12/08/2014 02:47 pm ET Updated Feb 05, 2015

Gridlockracy • [grid-lok-ruh-see] • noun

"What's a 'kleptocracy,' Dad?" asked my 12-year-old son in response to hearing a news story on the car radio. I took the opportunity to explain different types of government to him. Their names roll trippingly off the tongue: monarchy, autocracy, oligarchy, meritocracy, theocracy, democracy.

In the type of democracy we enjoy in the United States, the different branches of government can be controlled by different political parties, as in a Democratic president and a Republican Congress. This system of "checks and balances" designed by the country's Founding Fathers sometimes results in gridlock, with government unable to enact any significant legislation. That's the system in which we find ourselves at this point of history. We live in a gridlockracy.

This is not altogether a bad thing. Periods of divided government have produced some notable successes. A reluctant President Bill Clinton signed welfare reform into law amid predictions of it "shredding the safety net," yet the legislation is now generally regarded as one of the successes of his presidency. In the mid 1980s, the two parties came together to extend the life of the Social Security system.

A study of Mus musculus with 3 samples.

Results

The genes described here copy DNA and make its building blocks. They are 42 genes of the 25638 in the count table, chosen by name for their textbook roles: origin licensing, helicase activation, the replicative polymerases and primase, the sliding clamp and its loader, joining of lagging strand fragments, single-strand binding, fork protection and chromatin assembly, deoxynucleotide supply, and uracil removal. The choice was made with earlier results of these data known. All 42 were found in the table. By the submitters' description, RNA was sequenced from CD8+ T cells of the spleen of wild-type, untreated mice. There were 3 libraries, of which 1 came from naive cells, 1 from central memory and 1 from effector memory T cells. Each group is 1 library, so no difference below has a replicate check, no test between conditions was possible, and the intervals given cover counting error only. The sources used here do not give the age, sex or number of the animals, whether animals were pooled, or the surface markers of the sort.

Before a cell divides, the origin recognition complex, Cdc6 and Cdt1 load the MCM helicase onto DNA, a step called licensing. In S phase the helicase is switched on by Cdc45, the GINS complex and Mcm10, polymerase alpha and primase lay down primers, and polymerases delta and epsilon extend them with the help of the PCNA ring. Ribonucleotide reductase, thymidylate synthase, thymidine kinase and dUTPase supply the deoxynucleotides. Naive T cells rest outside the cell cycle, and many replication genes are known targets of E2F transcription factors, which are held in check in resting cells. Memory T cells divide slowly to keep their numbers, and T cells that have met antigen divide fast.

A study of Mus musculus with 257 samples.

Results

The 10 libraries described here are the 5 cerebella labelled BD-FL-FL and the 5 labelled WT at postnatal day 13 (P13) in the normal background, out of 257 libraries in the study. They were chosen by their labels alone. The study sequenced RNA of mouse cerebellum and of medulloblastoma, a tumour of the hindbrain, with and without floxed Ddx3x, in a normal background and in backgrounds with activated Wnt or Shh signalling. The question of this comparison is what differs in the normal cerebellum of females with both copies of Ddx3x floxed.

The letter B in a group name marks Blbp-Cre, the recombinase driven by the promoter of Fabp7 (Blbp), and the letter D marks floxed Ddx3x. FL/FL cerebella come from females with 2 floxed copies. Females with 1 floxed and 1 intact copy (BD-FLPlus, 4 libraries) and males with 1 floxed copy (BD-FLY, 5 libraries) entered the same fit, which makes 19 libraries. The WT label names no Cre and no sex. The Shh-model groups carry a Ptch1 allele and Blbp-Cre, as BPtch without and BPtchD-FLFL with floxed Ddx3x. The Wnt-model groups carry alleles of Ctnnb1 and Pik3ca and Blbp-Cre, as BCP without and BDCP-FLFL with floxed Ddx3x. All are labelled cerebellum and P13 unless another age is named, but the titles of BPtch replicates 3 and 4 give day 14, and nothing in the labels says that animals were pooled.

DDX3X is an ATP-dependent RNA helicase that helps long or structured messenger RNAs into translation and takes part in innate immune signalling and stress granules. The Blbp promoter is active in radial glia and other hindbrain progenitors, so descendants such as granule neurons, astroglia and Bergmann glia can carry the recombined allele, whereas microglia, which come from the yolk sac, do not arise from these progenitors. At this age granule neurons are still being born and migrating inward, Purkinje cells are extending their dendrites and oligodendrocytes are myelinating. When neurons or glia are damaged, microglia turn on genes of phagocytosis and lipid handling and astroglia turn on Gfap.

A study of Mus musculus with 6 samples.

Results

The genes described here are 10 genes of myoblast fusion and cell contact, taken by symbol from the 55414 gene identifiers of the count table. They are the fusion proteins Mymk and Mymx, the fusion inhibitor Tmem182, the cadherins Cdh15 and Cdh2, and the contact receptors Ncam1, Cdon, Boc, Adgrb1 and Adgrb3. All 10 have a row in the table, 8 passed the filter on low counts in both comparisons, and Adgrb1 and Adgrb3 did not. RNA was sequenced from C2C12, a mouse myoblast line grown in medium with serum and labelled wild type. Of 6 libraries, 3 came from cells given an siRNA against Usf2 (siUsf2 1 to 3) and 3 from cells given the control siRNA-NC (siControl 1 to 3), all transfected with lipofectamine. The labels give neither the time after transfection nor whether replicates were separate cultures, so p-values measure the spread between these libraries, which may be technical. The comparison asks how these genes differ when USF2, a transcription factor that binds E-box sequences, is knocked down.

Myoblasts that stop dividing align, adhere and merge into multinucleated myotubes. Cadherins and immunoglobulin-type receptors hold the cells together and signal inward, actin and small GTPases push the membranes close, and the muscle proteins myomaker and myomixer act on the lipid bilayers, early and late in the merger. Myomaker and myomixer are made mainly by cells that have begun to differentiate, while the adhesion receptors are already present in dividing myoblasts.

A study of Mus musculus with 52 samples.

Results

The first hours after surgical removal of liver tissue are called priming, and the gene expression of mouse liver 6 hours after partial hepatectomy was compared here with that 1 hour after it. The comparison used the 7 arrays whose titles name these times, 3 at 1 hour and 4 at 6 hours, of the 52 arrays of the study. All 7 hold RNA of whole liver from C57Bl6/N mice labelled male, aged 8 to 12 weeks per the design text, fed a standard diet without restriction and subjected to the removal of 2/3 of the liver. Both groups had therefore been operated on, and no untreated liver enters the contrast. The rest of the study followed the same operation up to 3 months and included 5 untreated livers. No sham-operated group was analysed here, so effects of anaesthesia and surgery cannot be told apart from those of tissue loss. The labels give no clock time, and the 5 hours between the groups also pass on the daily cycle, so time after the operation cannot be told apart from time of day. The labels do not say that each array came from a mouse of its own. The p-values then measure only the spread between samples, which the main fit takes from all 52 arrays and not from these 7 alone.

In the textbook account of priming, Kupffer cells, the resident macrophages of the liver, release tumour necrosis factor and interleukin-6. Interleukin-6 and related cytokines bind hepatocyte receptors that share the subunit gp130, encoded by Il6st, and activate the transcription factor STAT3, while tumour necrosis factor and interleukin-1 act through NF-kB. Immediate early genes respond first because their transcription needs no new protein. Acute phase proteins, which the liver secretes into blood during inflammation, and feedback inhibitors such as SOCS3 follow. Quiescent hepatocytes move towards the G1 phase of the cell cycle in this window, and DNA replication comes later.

The senior George Bush, a Republican, worked with Democrats in Congress to legislate modest tax increases and spending cuts. By the end of the decade, these resulted in the first government surplus since 1969. The debt-ceiling and "fiscal cliff" deals of late 2011 and early 2012 resulted in rapid shrinkage of the federal deficit.

What's common to these cases of successful evasion of grilockracy is that each was enacted in response to necessity. When the status quo is unsustainable, and action is unavoidable, the parties usually come together, even if unwillingly. The recent 113th congress was often chided for inaction, wasting its time on pointless exercises such as the 50 attempts in the House to get Obamacare repealed. When legislators busy themselves with these futile gestures, they occupy the time they would otherwise spend creating dodgy and expensive legislation.

In contrast, periods of united government, in which one party controls both houses of Congress as well as the presidency, can have awful results. The most recent example is the presidency of Bush junior. George W. inherited a budget surplus from Bill Clinton, with projections that the surplus would reach $2 trillion by the end of the decade.

With the help of a Republican congress, he then initiated the biggest spending spree in modern history. Discretionary spending grew by an astonishing 53% during his term in office. He simultaneously cut taxes. On top of that, he launched an unnecessary war with Iraq that ground on for a decade and cost another $2 trillion. Unsurprisingly, the surpluses vanished, to be replaced by staggering deficits.

When president Obama took office shortly after the economic collapse, he was faced with a $1.7 trillion dollar budget deficit. As Patrick Henry might have shouted, "Give me gridlockracy or give me debt!"

So while many pundits bemoan the impossibility that the Democratic president and the Republican 114th congress will "get anything done," I'm quite sanguine about the years ahead. At least a few of the most pressing problems are likely to get solved. A wave of bad legislation is unlikely. At least for the time being, I'm happy to tell my son we live in a gridlockracy.